Sustainable Farming with Reynaldo Ochoa: Rainforest Hero

Reader Contribution by K.C. Compton

To the people of the Manu region of the Peruvian Amazon, Reynaldo Ochoa is a teacher, a role model and a champion of a way of farming that allows local people to flourish while forging a sustainable future for their imperiled homeland. Ochoa is now the subject of a short film directed by Dan Childs and Nick Werber, which has won the UN Forest Short Film Festival Award. It is the first of four such films Werber is producing in partnership with the Crees Foundation, an organization working to help achieve a sustainable future for this region of the Amazonian rainforest.

In Reynaldo – Rainforest Hero, Ochoa describes his transformation from being a farmer practicing the “slash and burn” agriculture typical of the region to his present mission of helping his fellow residents learn and practice a sort of permaculture uniquely suited to their soil and growing conditions. For decades, local people have been clearing the forest to plant crops such as yucca and bananas as cash crops. When the crops deplete the soil – often within two or three years – the farmer moves on to another plot of land and starts the process again. After years of working this way, Ochoa realized that if the people continued this approach, no forest would be left.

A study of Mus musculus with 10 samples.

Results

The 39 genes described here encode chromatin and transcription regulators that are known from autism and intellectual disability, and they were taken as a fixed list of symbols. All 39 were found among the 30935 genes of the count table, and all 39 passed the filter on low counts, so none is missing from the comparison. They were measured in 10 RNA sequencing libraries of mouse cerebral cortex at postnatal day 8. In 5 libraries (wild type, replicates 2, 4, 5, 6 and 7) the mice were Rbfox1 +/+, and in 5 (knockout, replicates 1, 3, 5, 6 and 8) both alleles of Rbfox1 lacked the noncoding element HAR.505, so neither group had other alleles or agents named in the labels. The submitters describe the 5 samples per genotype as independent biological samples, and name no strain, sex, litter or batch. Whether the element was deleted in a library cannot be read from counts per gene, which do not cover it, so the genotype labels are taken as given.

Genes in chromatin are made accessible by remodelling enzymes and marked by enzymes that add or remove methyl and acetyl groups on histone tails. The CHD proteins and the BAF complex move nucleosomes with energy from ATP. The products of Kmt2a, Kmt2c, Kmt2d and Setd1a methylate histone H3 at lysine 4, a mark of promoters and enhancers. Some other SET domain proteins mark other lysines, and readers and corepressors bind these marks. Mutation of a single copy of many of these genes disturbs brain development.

He began experimenting with sustainable farming and eventually found a system that works, using waste from his chickens to feed algae, which feeds the fish in his pond, the water from which he uses to fertilize his land, which is intercropped with trees, vegetables and fruit in a give-and-take cycle familiar to any farmer or gardener trying to work with the laws of nature. Ochoa now works with farmers as part of the Crees agroforestry project to transform the wasteful way of doing things to one that can sustain the forest ecology even as it feeds the farmers who rely on the land. “I hope my grandchildren will be able to stand beneath the shade of the trees I plant today,” he says in this brief, heartwarming documentary. Chances are good that might happen: Ochoa has helped start more than 350 gardens, planted more than 30,000 trees himself – and he’s nowhere near finished yet.

Take a look at Reynaldo – Rainforest Hero for a shot of inspiration as you consider the difference you can make doing what you can, right where you are.